Photograph from Classic Aircraft Photography
About 30,000 people’s jaws dropped at Wings Over Illawarra 2022, held about two weekends ago.
It began on the Friday when the first ever Schools & Careers Open Day (a non-general public day) was held. It was headlined by a C-130J flyover at 12pm, which was viewed by 1,500 students and prospective aviators. The same C-130J then landed and was put into position as a static display for the 2 public air show days.
Saturday was a sublime day with the new Warbird Balbo successfully debuting with 8 warbirds in the sky including the Lockheed Hudson, Grumman Avenger, Vought F4U Corsair, Supermarine Spitfire MK VIII, CAC CA-18 Mustang, Focke Wulf Fw-190, CAC Boomerang & Curtiss P-40 Kittyhawk in what was the penultimate display of the day.
A skydive demonstration kicked off the air show by Skydive Australia before the Royal Australian Air Force Roulettes did their signature formation flying display, accompanied by 3 fireball pyrotechnics to conclude their show with their ‘bomb-burst’ formation finale.
A few hiccups followed – the English Electric Canberra TT-18 arrived early immediately after, piloted by the former head of the Australian Defence Force, Mark Binskin. After the Lockheed C121-C Super ‘Connie‘ Constellation flew, the Historical Aircraft Restoration Society Twins, a set of 3 aircraft consisting of the C-47 Dakota/Douglas DC-3, a Grumman S-2G Tracker & a DHC-4 Caribou, were to do a flypast but the C-47 Dakota/Douglas DC-3 was not able to take off.
As the afternoon started, the Focke-Wulf Fw-190 & Supermarine Spitfire Mk VIII (of which 2 appeared at the air show) did a new dogfight demonstration, which was opened with a simulated ‘air raid’ of Shellharbour Airport by the Focke-Wulf Fw-190, complete with fireball pyrotechnics & simulated gunfire across the runway.
The Saturday successfully ended, though a bit late, with the headline act – the F35 Lightning II, the newest military jet of the Royal Australian Air Force. Unlike last year’s debut display, it did not shoot flares off the aircraft, but it did conclude with the explosive Wall Of Fire (as spectacularly pictured above by Classic Aircraft Photography) .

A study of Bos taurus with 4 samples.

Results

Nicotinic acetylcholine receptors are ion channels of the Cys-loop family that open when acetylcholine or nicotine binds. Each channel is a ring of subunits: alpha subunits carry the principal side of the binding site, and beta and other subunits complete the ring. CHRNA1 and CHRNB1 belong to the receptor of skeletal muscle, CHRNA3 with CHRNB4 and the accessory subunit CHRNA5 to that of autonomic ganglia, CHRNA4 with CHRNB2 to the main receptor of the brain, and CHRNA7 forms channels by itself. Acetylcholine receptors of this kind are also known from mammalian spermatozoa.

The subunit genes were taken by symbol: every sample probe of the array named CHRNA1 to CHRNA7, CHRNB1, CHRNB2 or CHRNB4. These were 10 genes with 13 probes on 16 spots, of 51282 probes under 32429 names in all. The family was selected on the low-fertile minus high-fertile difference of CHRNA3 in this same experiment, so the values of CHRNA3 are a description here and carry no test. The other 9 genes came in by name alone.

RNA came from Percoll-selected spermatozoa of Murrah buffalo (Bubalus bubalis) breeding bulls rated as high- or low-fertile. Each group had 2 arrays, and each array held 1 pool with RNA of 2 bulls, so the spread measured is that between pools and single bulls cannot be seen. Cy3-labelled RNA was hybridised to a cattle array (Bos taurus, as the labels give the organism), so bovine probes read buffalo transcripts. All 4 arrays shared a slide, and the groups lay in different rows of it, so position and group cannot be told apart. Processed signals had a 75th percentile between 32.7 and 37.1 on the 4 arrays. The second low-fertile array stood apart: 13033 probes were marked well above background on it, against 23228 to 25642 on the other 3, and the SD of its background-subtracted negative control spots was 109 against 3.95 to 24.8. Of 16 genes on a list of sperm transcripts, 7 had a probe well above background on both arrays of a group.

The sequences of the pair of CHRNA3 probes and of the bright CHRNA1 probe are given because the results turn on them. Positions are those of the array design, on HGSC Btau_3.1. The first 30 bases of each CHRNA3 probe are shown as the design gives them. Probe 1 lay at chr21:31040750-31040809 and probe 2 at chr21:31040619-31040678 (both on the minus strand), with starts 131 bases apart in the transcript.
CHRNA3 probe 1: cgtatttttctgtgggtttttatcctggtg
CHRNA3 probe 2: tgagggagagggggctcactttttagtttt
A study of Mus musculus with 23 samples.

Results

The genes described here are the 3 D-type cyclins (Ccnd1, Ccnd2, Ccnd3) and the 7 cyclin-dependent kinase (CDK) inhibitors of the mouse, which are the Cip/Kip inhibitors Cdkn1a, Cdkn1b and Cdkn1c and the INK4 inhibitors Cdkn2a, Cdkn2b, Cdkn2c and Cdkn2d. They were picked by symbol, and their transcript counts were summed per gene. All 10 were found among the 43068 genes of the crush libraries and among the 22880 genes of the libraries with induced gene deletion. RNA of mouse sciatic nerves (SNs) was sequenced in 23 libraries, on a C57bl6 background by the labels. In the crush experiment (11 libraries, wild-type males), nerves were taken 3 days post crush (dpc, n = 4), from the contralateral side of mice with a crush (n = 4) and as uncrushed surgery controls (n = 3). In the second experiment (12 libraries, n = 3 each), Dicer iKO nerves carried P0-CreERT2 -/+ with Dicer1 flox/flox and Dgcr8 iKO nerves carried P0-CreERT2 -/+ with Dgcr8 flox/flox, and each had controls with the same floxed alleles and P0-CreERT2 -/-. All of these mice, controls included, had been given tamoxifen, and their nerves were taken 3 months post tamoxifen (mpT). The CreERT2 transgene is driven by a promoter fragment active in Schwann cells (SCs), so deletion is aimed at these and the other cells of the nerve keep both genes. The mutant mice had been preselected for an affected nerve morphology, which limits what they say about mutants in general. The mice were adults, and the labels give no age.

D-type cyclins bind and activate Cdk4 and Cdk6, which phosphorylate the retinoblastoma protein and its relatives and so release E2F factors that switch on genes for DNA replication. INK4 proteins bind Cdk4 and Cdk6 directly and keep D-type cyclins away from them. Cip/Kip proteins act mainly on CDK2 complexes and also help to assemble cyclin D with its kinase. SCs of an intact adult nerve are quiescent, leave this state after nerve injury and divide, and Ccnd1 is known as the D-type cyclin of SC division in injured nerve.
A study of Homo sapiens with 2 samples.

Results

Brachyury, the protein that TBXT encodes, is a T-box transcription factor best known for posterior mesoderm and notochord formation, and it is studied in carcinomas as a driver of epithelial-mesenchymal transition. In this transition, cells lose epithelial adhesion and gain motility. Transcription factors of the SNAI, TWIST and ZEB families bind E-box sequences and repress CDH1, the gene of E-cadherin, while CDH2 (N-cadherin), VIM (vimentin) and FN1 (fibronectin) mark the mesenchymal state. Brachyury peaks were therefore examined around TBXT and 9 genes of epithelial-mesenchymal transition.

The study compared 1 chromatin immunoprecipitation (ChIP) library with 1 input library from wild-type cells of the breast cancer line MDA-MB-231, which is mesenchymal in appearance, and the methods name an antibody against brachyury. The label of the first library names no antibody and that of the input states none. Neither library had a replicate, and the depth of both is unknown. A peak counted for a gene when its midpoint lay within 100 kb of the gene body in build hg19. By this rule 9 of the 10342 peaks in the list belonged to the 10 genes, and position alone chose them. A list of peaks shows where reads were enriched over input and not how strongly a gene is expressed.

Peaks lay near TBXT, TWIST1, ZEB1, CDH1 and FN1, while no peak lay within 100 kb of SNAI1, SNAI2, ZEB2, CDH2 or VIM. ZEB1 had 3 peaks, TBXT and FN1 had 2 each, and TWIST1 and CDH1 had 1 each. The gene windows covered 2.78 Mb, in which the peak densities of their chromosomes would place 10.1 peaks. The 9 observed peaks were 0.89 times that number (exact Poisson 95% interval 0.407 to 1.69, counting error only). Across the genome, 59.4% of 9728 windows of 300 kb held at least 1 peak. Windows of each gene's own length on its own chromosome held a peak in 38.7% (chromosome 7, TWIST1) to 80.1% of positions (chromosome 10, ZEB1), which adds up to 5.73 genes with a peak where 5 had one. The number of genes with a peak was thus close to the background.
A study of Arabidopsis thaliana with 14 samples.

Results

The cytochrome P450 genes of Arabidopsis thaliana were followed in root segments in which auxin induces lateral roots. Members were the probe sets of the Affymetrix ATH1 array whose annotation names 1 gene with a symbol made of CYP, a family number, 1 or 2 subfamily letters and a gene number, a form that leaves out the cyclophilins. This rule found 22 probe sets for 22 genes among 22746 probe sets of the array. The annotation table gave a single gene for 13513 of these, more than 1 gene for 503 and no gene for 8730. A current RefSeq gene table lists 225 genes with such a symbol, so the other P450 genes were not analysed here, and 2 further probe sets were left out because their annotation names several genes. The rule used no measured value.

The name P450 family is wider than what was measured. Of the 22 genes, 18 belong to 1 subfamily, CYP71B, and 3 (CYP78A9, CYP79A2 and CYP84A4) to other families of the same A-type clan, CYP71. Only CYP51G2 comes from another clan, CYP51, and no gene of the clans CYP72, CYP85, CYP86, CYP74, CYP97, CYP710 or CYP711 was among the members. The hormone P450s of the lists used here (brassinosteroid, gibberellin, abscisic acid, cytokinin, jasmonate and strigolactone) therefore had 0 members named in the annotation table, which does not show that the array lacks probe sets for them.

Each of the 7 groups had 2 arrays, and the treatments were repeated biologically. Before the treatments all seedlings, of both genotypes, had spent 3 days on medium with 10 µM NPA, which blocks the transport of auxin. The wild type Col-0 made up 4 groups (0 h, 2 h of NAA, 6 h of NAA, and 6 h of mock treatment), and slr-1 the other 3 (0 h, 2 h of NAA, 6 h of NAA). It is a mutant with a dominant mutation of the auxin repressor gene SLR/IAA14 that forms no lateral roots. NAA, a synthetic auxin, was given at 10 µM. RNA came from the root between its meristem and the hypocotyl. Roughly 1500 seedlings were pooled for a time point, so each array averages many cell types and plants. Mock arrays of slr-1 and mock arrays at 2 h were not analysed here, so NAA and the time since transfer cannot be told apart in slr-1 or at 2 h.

Sunday was expected to have significant amounts of rain compared to the Saturday. There was even forecast the possibility of an afternoon severe thunderstorm. Organisers, therefore, reorganised the flying display program on the morning of, prioritising the more popular displays such as the simulated ‘air raid’ and dogfight demonstration & most significantly, the F35 Lightning II & the Wall Of Fire, which was brought nearly 4 hours forward. The opening skydive demonstration also did not take place and the Royal Australian Air Force Roulettes, whilst remaining in its opening timeslot (minus the fireball pyrotechnics, which was added to the F35 Lightning II handling display) left early at approximately 1:30pm due to poor weather at their Sale, Victoria base.
In a spot of luck, the weather remained a lot better than forecast all day for spectators but at the expense of a totally reorganised flying program. Safety is paramount at air shows, so the flying program changes were needed especially as wind shear, a hazardous meteorological phenomenon for aircraft, was a feature of the morning for the pilots. The Warbird Balbo, though, remained in its timeslot and concluded the Sunday but it was reduced to 5 warbirds. Most of Sunday’s flying program went ahead in the end, albeit in a different order.
Despite the reorganised Sunday, both days saw aerobatic displays by Paul Bennet, Glenn Graham, Matt Hall and The Sky Aces as well as a plethora of warbirds & historic aircraft, both in the air and on display on the tarmac. In the air, there was a L-39 Albatros and an AP-3C Orion among others while on the ground, there was an F-111 and of course, the iconic City Of Canberra Boeing 747. There was also static Australian Defence Force aircraft, exhibits, stalls as well as drone racing. The latter of which was live streamed in full over the 3 days, which was won in the end by Davey FPV. A vintage military vehicle and German World War II exhibit (the latter complete with re-enactors) rounded out the static exhibits which were accompanied by general aviation exhibitors & scenic helicopter flights by Touchdown Helicopters. An expanded amusement ride carnival, The Captain’s Carnival with its signature ride, Speed & new food and wine tasting such as Wings Winery provided some alternative entertainment.
Wings Over Illawarra has landed as the latest flagship ‘Sydney Spectacular’ and we look forward to seeing how this (already large) event grows into the future.
Remember, if you missed the air show, the Historical Aircraft Restoration Society Museum, which is based at Shellharbour Airport, is open nearly year-round and holds monthly Tarmac Days, which if you’re lucky, may feature their historic aircraft taking flight.
But the time to be at Shellharbour Airport is Wings Over Illawarra – the newest ‘flagship’ Sydney Spectacular! Until November 2023!